The other day I spent half an hour working out how to connect my WiFi repeater into the home mesh. Why? I got an email saying that the mesh was not fully operational and had to search out the instructions on the web, after it became apparent that trial-and-error was not going to fix it. During that time I needed the password for the router, the password for the repeater and the password for my account with the provider, some of which were remembered by ‘the system,’.
Then, in a bid to save fuel, we had a British Gas Hive thermostat installed. Wonderful, we can now control the heating from a smartphone, by time, by degree, as many time slots as we want, rather than the ‘on 1, off 1, on 2, off 2’ of out previous central heating controller, which was rather venerable, it seems. Except that it stopped working after less than 24 hours, while I was fitting the thermostat to a stand. There is no manual; it’s all online or in the app. Fortunately, I find instructions on the web to reset and get it working again, and then reprogramme the heating schedule.
And the all-singing, all-dancing Norton virus checker on my laptop keeps telling me all the wonderful options it offers that I am not taking advantage of. Does it really matter? Who knows? And can I really trust Microsoft’s OneDrive to not lose a vital file or two from the cloud, when I accidentally do the ‘wrong’ thing?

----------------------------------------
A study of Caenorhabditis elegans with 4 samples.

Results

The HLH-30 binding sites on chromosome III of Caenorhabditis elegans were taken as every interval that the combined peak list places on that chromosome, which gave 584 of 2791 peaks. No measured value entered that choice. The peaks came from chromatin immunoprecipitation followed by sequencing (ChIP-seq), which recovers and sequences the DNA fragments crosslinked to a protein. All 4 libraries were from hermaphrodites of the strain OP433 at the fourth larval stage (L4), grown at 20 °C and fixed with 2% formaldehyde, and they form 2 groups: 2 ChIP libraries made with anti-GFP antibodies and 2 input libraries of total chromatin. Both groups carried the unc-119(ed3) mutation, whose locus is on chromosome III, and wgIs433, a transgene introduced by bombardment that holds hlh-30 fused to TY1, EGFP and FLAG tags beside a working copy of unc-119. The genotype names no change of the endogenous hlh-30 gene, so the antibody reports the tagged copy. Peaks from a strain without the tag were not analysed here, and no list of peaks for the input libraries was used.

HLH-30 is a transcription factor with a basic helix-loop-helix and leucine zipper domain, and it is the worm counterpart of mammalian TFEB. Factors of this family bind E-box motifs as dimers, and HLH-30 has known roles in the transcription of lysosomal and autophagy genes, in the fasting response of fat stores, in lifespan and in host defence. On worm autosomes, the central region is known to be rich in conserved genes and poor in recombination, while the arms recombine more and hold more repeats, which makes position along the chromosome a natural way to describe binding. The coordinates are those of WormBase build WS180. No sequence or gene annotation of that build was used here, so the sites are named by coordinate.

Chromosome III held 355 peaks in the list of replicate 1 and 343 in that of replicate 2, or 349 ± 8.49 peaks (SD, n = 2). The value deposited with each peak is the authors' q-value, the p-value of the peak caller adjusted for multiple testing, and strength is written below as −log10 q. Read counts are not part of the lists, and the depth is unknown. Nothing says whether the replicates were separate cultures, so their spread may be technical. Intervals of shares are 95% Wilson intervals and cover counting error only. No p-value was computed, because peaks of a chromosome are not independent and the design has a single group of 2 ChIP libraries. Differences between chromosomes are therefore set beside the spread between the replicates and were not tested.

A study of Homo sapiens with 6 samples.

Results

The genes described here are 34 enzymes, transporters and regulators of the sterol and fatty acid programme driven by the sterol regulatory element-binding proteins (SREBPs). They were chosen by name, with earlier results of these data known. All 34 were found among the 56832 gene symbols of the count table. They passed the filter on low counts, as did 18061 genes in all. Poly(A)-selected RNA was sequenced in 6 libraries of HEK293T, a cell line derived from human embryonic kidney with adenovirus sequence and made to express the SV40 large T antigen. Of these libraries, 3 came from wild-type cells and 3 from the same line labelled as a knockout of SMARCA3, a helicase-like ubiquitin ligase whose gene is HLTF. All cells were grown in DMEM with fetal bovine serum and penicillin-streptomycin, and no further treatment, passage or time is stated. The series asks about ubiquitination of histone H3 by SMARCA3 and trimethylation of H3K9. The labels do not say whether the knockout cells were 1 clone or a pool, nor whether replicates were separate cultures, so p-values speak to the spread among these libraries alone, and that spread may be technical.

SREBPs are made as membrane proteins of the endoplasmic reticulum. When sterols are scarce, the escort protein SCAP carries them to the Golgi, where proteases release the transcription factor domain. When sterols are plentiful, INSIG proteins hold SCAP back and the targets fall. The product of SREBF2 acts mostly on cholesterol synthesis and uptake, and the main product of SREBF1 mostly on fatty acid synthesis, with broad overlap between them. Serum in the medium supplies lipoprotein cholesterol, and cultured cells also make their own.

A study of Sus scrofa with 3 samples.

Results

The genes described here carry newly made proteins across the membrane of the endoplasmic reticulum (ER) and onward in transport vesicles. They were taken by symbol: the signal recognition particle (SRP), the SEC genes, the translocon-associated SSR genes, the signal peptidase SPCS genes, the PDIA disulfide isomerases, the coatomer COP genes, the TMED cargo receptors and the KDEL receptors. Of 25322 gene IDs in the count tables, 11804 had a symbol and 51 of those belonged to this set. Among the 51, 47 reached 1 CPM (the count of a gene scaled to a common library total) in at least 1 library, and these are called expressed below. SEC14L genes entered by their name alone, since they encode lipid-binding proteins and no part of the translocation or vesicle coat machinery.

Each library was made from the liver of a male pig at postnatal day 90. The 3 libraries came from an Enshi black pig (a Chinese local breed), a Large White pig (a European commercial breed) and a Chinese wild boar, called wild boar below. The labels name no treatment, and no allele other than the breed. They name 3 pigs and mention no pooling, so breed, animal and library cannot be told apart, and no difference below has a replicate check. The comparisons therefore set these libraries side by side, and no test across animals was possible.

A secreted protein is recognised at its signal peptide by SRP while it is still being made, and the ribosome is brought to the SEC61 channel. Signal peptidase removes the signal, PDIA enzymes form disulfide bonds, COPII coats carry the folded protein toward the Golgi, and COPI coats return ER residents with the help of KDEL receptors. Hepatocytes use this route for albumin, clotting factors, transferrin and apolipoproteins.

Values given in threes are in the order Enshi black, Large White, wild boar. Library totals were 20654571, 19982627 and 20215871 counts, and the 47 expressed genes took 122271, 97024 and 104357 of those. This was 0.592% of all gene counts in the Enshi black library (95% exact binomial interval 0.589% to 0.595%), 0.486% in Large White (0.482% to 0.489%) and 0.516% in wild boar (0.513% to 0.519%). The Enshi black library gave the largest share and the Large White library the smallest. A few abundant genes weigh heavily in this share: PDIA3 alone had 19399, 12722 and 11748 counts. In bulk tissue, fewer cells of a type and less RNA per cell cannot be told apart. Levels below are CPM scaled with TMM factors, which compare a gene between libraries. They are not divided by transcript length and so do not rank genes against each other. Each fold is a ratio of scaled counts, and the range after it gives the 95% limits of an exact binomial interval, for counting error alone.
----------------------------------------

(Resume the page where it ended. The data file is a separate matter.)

All this web-connecting technology really makes a lot of things easy in modern living. Yet more and more, I find myself confronted by a mystery when something goes wrong and the answer lies beyond my limited understanding of how it all works. Because you only need to know when it goes wrong. How to fix it, where are the instructions, where are the passwords, how did you ever get it going in the first place? A search engine usually gives an answer for the technology, who knows if it is the best one?
So what happens when there’s a power cut? What happens when the web goes down? Both of which will happen sometime, especially in these uncertain times. Then it’ll be back to the temporary brain fog while I try to recall where are the instructions, how to get everything going again – assuming the power and the broadband eventually do come back. It all feels rather precarious.
All this angst, and I have always been interested in, and involved in tech. What about those who aren’t, and those whose memories are fading with age?
Are we making a world that is just too complicated and vulnerable? But maybe that’s my age speaking. It will all come naturally to the grandchildren, assisted by so-called intelligent technology!